An Iowa newspaper reporter arrested as she covered a Black Lives Matter protest last spring goes on trial Monday in a case that has drawn international concern over press freedom.
The Des Moines Register reporter, Andrea Sahouri, was arrested on May 31 as protesters clashed with police during a demonstration near a shopping mall in the Iowa capital.
Sahouri’s then-boyfriend, Spenser Robnett, accompanied her for “safety reasons,” the Register says.
Despite repeatedly identifying herself as “press,” police deliberately pepper sprayed her and then zip-tied her for arrest, she said. Sahouri and Robnett were later charged with failure to disperse and interfering with official acts, misdemeanors that could carry fines and up to 30 days in jail.
In video taken by local television station KCCI, a masked Sahouri and another person, presumably Robnett, are shown seated on the pavement in front of a storefront with their hands secured behind their backs.
Shortly after her arrest, Sahouri posted a video of her own, posted to Twitter from inside a police vehicle. In it, she recounts the incident, saying she was “just reporting” when she was taken into custody.
In the video, she says Robnett was hit by a teargas canister. “As I was seeing if his leg was O.K., police came closer and we went around the corner and I was saying, ‘I’m press. I’m press. I’m press,'” Sahouri said.
Des Moines police and John Sarcone, the attorney for Polk County, contend that at the time of her arrest, Sahouri wasn’t wearing any media credentials and appeared to be participating in an unlawful assembly. Police had issued an order to disperse about 90 minutes before, according to the Register.
The Associated Press reports that the newspaper’s executive editor, Carol Hunter, has acknowledged that Sahouri was not wearing a press badge, which she said had been left in the reporter’s car. Hunter called it a “red herring,” saying the police immediately knew Sahouri is a journalist and that carrying press credentials is not necessary to enjoy Constitutional protections.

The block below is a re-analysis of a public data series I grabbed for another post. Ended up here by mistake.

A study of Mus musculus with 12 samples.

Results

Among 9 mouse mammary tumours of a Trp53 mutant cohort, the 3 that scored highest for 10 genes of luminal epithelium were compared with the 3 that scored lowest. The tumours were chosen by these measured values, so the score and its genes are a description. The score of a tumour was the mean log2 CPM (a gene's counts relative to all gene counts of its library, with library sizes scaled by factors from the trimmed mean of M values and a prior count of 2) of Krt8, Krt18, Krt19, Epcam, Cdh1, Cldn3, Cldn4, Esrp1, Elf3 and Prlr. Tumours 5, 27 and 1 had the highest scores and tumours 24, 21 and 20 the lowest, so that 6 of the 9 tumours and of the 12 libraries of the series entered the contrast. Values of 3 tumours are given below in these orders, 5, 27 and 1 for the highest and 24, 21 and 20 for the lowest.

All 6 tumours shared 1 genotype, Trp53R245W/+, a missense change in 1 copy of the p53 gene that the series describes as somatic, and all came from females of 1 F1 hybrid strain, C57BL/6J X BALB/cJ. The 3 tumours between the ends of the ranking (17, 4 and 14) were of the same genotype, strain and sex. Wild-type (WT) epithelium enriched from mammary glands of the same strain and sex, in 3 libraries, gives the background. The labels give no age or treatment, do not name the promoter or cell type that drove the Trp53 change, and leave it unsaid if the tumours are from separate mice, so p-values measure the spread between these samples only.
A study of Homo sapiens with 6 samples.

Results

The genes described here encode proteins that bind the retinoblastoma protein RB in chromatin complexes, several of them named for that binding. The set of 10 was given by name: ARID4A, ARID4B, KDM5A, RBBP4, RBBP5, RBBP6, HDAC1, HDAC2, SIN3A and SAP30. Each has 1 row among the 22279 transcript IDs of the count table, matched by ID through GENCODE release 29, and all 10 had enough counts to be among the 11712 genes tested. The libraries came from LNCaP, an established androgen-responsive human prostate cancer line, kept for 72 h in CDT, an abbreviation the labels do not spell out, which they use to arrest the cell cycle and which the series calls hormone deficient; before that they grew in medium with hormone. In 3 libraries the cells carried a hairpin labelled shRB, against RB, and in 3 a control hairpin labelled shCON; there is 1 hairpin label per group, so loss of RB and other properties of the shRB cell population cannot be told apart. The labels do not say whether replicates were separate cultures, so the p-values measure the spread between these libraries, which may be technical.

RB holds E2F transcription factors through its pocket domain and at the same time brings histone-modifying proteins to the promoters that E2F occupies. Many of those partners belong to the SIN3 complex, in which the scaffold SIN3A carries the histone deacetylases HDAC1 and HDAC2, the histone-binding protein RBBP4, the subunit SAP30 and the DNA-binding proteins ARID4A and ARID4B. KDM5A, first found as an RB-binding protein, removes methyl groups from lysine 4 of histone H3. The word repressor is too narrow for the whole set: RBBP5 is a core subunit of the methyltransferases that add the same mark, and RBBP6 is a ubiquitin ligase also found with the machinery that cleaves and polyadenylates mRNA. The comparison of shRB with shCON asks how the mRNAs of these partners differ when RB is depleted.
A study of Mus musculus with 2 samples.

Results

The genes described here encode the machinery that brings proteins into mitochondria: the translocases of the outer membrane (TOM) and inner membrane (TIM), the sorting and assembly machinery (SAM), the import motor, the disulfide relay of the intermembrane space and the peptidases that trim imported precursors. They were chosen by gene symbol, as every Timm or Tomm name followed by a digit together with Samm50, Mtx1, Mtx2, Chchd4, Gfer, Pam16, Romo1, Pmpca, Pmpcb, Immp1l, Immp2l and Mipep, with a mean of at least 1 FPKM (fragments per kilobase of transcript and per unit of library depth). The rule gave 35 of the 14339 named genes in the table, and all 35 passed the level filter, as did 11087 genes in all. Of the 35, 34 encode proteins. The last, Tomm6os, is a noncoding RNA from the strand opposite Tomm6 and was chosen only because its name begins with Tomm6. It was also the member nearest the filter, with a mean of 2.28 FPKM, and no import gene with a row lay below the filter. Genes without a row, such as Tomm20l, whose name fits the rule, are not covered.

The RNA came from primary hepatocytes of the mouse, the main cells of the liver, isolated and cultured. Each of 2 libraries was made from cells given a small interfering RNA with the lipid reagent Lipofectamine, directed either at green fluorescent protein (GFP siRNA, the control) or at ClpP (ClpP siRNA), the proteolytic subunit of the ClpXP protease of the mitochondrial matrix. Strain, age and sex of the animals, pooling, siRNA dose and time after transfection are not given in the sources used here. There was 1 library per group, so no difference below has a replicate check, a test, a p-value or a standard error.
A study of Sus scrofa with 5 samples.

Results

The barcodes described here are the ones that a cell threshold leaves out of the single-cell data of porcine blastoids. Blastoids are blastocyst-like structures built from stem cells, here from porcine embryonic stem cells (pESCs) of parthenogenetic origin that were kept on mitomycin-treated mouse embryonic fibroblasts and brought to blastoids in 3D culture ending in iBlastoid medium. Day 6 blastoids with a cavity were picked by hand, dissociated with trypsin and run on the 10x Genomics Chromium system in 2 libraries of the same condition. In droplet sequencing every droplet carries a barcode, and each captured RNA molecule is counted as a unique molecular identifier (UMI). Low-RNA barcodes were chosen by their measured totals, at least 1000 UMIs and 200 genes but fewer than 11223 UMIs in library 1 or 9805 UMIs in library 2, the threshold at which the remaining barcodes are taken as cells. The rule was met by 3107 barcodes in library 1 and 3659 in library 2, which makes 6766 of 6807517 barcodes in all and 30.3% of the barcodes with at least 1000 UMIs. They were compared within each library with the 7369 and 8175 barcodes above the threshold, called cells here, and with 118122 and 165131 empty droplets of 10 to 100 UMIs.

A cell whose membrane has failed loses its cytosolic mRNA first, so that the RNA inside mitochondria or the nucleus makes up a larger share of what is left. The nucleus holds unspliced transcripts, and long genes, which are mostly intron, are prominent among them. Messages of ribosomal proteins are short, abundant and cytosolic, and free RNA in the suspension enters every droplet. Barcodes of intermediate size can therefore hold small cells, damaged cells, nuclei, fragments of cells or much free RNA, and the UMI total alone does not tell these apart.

“Freedom of the press rests on newsgathering,” Hunter said, according to the AP. “This really is an attack on a fundamental part of being able to bring people the news.”
On Friday, prosecutor Bradley Kinkade argued at a pretrial hearing that Sahouri being a journalist “is irrelevant to her charges.”
“This is a standard misdemeanor trial,” he told the court, as the Register reported.
However, the Iowa Freedom of Information Council said that “All Iowans should be troubled by this abuse of prosecutorial discretion.”
“The Founding Fathers wrote the First Amendment for this very purpose — to allow the media to scrutinize the actions of law officers,” the Council said in a statement.
Amnesty International has also weighed in on Sahouri’s case, saying that “treating media work as a crime is a human rights violation.”
In a statement sent to NPR, Erika Guevara-Rosas, Americas director at Amnesty International, said the charges against Sahouri “represent a clear violation of press freedom and fit a disturbing pattern of abuses against journalists by police in the USA.”
“It’s deeply troubling that the prosecutor would push these bogus charges all the way to trial,” Guevara-Rosas said.
The U.S. Press Freedom Tracker reports that 127 journalists were arrested in 2020 – the vast majority at protests. That compares to just nine such arrests the previous year. It says Sahouri is among 13 journalists who currently face criminal charges.
The Register reports that at the start of the trial on Monday, the judge rejected a motion to dismiss the charges against Sahouri and that jury selection was underway.
Prosecutors may try to bring up text messages they obtained that were exchanged between Sahouri and a protest leader, Matè Muhammad, about a week after her arrest.
Muhammad — who has been charged with shining a laser pointer in the eyes of police during an August BLM protest — says he and Sahouri struck up a professional relationship following her arrest. He was quoted by the AP as saying, “We enjoy working with her not because we view her as an activist or on our side, but because we view her as fair.”